You don't need to actually see Sam & Kate to know it's going to be interesting, you just need to look at the names associated with it. The movie was written and directed by Darren Le Gallo, whose wife – Oscar-nominated actress Amy Adams – is one of the producers. The stars are two Hollywood legends and their children, Dustin Hoffman and son Jake, and Sissy Spacek and daughter Schuyler Fisk. E.T. star Henry Thomas has a supporting role. That's a lot of great names right there. The film itself is not necessarily going to light the world on fire, but it's an appealing romantic-dramedy that provides two hours of solid entertainment.
Sam (played by the younger Hoffman) is a guy who has essentially failed to launch. He lives with his aging father Bill (the elder Hoffman), works in a chocolate factory, and spends his free time getting high with pal Ron (Thomas). He wanders into a book store one day after spotting owner Kate (Fisk) through the window. Sam makes an effort to hit on her, which she politely rebuffs. Soon after, the two run into each other again, this time in church, where she's with her mom Tina (Spacek). Things happen, and soon Sam and Kate are in a friendship that may or may not lead to romance. Meanwhile, Bill and Tina also take a shine to each other.
Hearing the plot described probably makes Sam & Kate sound trite. A father and son falling for a mother/daughter combo? Seems like the recipe for a stupid comedy about how awkward that could be. It's true that the film does utilize a lot of rom-com staples, from the “meet cute” to the requisite music montage, but none of them are played in a cloying manner. Le Gallo isn't interested in making How to Lose a Guy in 10 Days, he wants to tell a story with deeper resonance. He just chooses to wrap the plot's heavier elements into a comforting formula.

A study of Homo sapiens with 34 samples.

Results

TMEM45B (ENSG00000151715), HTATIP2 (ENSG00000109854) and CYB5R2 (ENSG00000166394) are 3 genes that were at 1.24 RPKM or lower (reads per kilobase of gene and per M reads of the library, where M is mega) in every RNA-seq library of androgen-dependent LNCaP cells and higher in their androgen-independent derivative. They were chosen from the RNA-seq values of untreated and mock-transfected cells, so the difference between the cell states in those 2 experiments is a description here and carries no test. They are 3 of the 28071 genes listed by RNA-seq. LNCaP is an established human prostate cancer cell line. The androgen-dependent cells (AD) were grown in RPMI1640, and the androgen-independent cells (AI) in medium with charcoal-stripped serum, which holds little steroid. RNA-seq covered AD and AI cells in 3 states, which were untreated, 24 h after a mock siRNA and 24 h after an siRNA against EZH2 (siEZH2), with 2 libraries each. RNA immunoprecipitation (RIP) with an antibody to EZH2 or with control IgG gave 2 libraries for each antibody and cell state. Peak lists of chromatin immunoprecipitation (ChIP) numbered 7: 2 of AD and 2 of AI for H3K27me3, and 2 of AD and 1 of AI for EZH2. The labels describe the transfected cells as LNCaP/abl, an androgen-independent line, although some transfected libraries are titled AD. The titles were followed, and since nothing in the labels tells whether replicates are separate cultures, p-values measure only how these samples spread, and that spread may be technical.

Hour two is where the movie truly starts to shine. Kate finds her defenses wearing down, almost against her will. The reason why those defenses are there in the first place is revealed, causing Sam to re-evaluate what their relationship means. A subplot about Tina's hoarding problem, meanwhile, is surprisingly compelling and, even better, used to add layers to the characters. Tension arises between Bill and Sam, as well, allowing us to see how different their perspectives on life are. Instead of a dumb romance, the film gives us a group of people who feel real, in situations that have a ring of authenticity.
Of course, the performances are fantastic. Jake Hoffman and Schuyler Fisk have a nice, easygoing chemistry together, making it easy to invest in what happens between the central couple. Watching them play opposite their real-life parents guarantees that the relationships depicted are truthful and sincere. And what a treat to behold Dustin Hoffman and Sissy Spacek sharing screen time – something they've never done before. Even if there's not enough of them together, the pairing is in itself reason enough to see the film.
Certain elements of Sam & Kate are predictable. For example, anyone familiar with Roger Ebert's old rule about people who cough in movies will see what's coming long before it actually does. And yet, looking past those clichés is easy, thanks to the quality of the acting and the inherent meaning in the story. This is the kind of adult love story we don't get enough of anymore.
out of four
Sam & Kate is rated R for some drug use and language. The running time is 1 hour and 50 minutes.